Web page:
Written by: Tyler Padley

With Angular 2 adopting the RxJS Observable framework as standard for its HTTP implementation, this opens up a world of possibilities for developers. Still, the depth and breadth of the framework can be overwhelming to some who are just looking for simple solutions to common problems.

This article aims to demonstrate some of the more useful Observable operators and give examples of common situations where they would come in handy.

Retrying a Request

Retrying a request is fairly complicated using Promises, but Observables greatly simplify this process. However, the standard retry operator may not be ideal for most use cases as you typically want to delay the retry attempts to ensure a greater chance of success.

Enter retryWhen. retryWhen accepts a function as a parameter, passing the error and expecting an Observable returned. This allows you the flexibility to do things such as:

  • Add a delay by using delay()
Observable.retryWhen(error => error.delay(500))
  • Filter specific error messages
Observable.retryWhen((error) => { error.status == 429 ? return Observable.throw(error) : error.delay(500) });
  • Set a retry limit using take()
Observable.retryWhen((error) => error.delay(500).take(3))
  • Set a time limit using timeout()
Observable.retryWhen((error) => error.delay(500)).timeout(2000)

Any combination of the above operators can make for some more robust error handling and retry logic to improve your applications.

Subscription Management

Do you find yourself having to hold references to Observable Subscription objects in order to properly unsubscribe from them during clean up? The Observable operator takeWhile can provide a cleaner abstract to manage your subscriptions.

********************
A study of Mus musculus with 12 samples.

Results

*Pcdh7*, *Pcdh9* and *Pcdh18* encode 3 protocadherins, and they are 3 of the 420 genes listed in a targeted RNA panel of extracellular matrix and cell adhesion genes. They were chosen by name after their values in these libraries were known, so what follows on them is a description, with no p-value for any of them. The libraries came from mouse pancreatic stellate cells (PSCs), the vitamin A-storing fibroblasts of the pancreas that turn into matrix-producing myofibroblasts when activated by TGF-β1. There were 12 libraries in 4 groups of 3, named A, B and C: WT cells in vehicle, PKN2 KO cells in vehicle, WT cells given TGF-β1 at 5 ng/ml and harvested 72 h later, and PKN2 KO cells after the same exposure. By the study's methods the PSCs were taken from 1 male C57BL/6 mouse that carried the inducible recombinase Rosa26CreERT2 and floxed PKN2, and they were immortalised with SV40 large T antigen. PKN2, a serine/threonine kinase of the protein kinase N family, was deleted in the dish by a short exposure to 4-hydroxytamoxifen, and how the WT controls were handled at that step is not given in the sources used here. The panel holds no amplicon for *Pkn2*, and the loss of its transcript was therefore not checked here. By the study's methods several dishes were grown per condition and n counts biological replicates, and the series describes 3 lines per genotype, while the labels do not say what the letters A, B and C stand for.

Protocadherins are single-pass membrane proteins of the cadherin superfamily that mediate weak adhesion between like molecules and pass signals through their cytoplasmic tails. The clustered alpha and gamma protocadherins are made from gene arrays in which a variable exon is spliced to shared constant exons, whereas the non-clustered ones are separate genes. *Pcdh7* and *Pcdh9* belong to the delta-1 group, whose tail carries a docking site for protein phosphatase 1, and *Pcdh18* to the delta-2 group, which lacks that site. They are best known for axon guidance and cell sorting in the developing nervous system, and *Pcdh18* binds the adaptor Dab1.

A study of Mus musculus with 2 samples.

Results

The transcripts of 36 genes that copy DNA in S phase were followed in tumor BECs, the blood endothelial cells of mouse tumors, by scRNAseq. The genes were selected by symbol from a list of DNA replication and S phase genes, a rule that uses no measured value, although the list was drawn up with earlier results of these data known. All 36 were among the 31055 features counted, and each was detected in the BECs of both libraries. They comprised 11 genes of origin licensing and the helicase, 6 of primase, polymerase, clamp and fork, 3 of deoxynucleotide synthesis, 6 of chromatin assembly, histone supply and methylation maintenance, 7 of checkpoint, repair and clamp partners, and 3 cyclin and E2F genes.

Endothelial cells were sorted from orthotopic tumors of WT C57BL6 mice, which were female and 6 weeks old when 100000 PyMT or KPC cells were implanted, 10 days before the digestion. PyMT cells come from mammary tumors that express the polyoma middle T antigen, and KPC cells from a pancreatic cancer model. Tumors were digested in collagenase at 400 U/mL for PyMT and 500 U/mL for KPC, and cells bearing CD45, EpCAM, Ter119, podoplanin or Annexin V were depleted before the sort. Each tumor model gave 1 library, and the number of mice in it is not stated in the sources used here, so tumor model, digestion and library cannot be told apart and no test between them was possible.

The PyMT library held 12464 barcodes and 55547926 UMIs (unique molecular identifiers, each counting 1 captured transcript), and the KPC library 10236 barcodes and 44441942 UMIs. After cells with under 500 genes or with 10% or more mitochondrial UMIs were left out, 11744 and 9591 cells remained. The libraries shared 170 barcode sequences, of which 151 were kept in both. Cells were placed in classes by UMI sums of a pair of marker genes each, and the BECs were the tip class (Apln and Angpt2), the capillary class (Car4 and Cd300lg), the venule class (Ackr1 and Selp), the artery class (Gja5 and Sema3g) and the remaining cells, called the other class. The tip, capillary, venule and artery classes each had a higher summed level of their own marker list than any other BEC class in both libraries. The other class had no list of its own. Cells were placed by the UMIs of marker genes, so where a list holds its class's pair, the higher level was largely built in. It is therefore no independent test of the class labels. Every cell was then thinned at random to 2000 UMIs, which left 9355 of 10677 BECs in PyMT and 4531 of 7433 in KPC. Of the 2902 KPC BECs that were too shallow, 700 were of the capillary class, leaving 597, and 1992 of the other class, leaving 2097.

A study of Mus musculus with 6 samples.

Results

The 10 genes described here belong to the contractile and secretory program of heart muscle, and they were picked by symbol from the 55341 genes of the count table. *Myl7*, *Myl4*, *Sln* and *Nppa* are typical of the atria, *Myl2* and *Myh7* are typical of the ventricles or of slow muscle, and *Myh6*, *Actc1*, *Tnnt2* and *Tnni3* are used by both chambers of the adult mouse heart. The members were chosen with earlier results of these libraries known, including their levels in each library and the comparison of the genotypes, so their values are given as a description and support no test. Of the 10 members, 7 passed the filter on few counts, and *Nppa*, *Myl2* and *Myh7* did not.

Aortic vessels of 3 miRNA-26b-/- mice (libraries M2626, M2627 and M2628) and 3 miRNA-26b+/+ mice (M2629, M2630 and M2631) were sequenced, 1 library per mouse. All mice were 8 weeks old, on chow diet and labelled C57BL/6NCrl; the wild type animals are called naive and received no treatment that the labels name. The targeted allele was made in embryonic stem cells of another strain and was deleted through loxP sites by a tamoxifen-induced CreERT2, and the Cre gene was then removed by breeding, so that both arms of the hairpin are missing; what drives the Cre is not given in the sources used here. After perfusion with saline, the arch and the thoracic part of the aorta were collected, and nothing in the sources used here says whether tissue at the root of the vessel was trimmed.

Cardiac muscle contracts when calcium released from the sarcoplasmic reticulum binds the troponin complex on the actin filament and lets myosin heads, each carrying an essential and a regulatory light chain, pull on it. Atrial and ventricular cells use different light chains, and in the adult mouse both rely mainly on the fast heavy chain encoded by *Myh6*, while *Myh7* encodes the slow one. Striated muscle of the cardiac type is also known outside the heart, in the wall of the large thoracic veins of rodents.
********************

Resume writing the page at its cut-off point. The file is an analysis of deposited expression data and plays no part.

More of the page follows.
The takeWhile operator simply expects a method or Boolean condition and will continue receiving values emitted from the Observable until such a condition is false or the Observable fires its completion. Thus, a simple flag that you can switch on teardown could cause all active subscriptions to unsubscribe themselves without having to hold on to their references.

let active: boolean = true;

Observable.takeWhile(() => { return }).subscribe();
Observable.takeWhile(() => { return }).subscribe();

active = false;

TakeWhile can prove to be very useful in managing observable subscriptions, effectively enabling an observable on/off state.


While the operator cache has been deprecated in later versions of the RXJS Observable framework, there are still many cases where one would want to be able to store and re-emit observable data throughout the application without having to make the same request every time.

The cache operator was really just syntactic shorthand for the publishReplay and refCountoperators. Chaining the two together can still be used to effectively create a cache. The Observable will only make the outgoing request once, but will re-emit that result to any subscribers.


Other useful repetition operators include publishLast, and share, which is shorthand for the publish and refCount operations.

Data Dependencies

Observables are great for chaining together, which are useful when you have a request that depends on the results from a previous request. Operators such as switchMap and flatMapcan trigger a series of requests, using the results of the previous request. This can also be combined with the caching mechanisms above.


There are subtle differences between the two, but both operators will flatten the results of the first request while returning the results of the second request. Switch map will unsubscribe from the first request as soon as the second request starts emitting a value.

There are many, many more operators available in the RxJS Observable library, but these are just a few useful operators that may simplify some of your workflows.